What goes into making the world’s most awarded wine?
How we have managed to do this?
A few years later at a conference I heard a legendary leader in wine, & Michael Hill Smith, describing his journey into achieving his Master of Wine qualification. Michael said: ‘For three years, I deliberately avoided drinking Australian wine because I wanted to understand international wine.’
From that point on my love and desire to understand international wine styles has flourished.
An odd event happened around a similar time zone of our greatest wines was judged domestically and received a horrific score. Now, all wineries and their wines receive bad scores here and there, but this score was for one of our greatest efforts in wine. What had happened?
After a few weeks of deep reflection, often considering ‘am I in the right profession, an amazing thing happened. The same wine took out two major trophies in the UK - Best Cabernet in the IWSC London and Best Single Vineyard Wine in the same event.
What just happened? What is going on? What does it all mean?
A few years later at an industry event, another great leader in Australian wine gave me some advice. That wonderful gentleman was Bill Hardy. I was given a tip off that Bill had a secret bottle of very special chardonnay hiding behind the bar for interested parties, so I summoned up the nerve, went and introduced myself, and asked to taste the mysterious Chardonnay. I thanked Bill and was about to leave when Bill said: ‘You need to get your wines into the Tokyo International Wine Challenge’. Bill continued: ‘Do it and they will be rewarded’.
Two years later Taylors Wines was named International Red Winemaker of the Year at that very show in Tokyo. And then a thought occurred to me: ‘Why would Bill Hardy do that?’ The only answer I could find was to help fly the flag for Australian Wine overseas.
From that moment on we focused on proving ourselves and the quality of our wines at international wine shows. There is one thing better than winning a trophy in Perth, Brisbane, Melbourne or Sydney and that is to win international trophies in Paris, Germany, the Rhone Valley, Belgium, Vienna, Hong Kong, Chile, Mendoza, New Zealand, Canada, America…the list goes on.
The World Ranking of Wines & Spirits is a culmination of these efforts and there are some important highlights from the 2017 report worth mentioning:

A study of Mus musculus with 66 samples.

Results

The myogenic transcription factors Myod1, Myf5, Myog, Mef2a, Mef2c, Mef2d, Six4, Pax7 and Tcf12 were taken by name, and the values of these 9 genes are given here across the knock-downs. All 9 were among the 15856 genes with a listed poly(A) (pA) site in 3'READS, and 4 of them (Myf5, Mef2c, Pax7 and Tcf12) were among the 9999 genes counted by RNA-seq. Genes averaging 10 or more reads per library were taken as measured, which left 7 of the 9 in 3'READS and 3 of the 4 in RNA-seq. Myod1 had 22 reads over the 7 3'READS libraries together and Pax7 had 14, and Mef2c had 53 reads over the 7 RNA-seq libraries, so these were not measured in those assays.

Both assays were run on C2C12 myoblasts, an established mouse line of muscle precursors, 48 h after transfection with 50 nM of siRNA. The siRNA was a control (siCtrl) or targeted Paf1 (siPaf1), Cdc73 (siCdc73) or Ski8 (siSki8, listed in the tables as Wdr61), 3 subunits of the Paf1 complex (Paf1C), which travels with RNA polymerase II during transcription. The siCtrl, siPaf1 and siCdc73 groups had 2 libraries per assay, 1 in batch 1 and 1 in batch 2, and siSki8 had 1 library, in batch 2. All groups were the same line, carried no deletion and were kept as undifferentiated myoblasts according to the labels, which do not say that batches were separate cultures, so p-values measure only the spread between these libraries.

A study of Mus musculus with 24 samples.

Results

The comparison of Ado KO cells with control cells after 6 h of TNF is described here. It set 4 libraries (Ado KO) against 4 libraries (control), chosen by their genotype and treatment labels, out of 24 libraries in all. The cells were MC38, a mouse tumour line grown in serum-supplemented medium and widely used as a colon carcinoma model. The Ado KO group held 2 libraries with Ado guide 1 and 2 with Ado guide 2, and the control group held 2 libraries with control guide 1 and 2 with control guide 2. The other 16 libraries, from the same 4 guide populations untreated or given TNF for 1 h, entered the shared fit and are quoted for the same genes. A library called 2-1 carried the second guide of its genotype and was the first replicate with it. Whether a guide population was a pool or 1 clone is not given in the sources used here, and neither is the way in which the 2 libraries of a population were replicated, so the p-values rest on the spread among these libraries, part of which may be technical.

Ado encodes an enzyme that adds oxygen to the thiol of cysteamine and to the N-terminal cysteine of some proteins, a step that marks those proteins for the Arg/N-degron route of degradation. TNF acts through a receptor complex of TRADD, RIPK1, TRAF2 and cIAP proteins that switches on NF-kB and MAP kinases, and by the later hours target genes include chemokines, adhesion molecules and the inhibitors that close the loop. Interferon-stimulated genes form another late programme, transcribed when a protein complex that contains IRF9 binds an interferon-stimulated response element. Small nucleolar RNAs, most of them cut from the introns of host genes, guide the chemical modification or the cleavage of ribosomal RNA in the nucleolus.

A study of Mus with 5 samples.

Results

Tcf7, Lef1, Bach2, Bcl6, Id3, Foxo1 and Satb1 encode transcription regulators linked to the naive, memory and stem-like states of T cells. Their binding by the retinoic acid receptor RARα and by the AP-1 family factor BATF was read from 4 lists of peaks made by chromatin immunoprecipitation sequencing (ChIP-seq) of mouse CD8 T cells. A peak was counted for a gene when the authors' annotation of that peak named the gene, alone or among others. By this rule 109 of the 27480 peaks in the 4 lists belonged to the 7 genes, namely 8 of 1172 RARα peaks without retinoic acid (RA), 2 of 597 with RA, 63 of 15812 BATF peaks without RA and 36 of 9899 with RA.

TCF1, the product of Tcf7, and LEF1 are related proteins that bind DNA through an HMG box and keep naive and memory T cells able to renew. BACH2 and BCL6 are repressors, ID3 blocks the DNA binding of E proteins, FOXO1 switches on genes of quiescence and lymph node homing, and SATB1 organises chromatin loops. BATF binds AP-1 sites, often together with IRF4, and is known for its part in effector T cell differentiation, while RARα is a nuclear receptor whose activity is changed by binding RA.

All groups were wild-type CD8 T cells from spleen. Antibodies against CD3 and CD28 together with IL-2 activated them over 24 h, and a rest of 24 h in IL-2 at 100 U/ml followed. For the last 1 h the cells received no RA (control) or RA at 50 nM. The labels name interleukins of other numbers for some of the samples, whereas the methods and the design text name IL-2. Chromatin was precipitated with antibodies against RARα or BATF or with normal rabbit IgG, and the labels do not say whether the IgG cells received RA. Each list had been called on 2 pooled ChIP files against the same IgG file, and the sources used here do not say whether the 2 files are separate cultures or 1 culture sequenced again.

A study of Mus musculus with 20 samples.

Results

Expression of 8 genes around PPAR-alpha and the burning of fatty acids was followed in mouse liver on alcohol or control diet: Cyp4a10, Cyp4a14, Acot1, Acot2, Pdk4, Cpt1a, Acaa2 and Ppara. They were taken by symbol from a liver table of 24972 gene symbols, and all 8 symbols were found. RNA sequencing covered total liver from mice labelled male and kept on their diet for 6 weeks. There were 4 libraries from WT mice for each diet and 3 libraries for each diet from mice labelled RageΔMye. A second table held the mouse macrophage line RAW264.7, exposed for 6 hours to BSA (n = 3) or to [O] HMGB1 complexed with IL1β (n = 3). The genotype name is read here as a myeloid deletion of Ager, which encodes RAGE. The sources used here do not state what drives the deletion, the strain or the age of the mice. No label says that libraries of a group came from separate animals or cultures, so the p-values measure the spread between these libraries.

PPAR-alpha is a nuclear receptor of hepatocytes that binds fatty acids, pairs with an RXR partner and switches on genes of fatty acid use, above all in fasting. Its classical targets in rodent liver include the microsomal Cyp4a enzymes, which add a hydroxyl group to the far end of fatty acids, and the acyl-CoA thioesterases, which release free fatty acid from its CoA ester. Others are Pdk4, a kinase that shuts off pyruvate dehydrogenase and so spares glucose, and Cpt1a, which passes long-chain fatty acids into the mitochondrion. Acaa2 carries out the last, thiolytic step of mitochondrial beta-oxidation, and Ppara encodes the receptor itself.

Beyond being named the most awarded winery in the world, Taylors was recognised for the most awarded wines in the Merlot, Chardonnay and Shiraz categories. This is a fantastic achievement, not only have we been successful with Shiraz, a star varietal of the region, but with two varieties commonly not associated with the Clare Valley.
Some have said ‘you can’t make chardonnay in the Clare Valley’, but that’s an old saying. It has taken us years to get close to our own ‘chardonnay masterpiece’, about 15 to be honest. It has involved replanting our vineyards with better clones, redesigning the winery process to not crush, but delicately press the fruit and to change our barrel suppliers to dedicated chardonnay specialists in Louis Latour.
Louis Latour deserves special mention because they are one of the few barrel makers on earth that sells wine for a living. They live and breathe Burgundy, so where better to ask for guidance on how to improve chardonnay?
Now to merlot. A French friend in St Emillon calls merlot ‘the fickle one, the most fickle grape on earth’. Debate has raged about what merlot is meant to be in Australia – some say ‘we have the wrong clones in the country’ or ‘it’s all rubbish’.
If you read or taste widely about what great merlot is and if you are lucky enough to visit St Emillon and taste the right bank with three consulting oenologists and an MW, you will see that Merlot can be a mouth filling, generous, rich but ultimately delicate, supple masterpiece. Merlot is a plant, it doesn’t know what country it is growing in.
All you have to do then is find the keys to follow the ‘merlot masterpiece’. It has taken us years of experimenting with ‘the fickle one’ but our Estate Merlot has been rated the most awarded merlot in the 2017 WRW&S varietal category.
Shiraz and Cabernet Sauvignon are the life blood of Taylors Wines and it is gratifying to see them score so strongly across the varietal categories. Five wines in the top ten for both varieties and our Jaraman Shiraz 2014 being the most awarded wine in the world.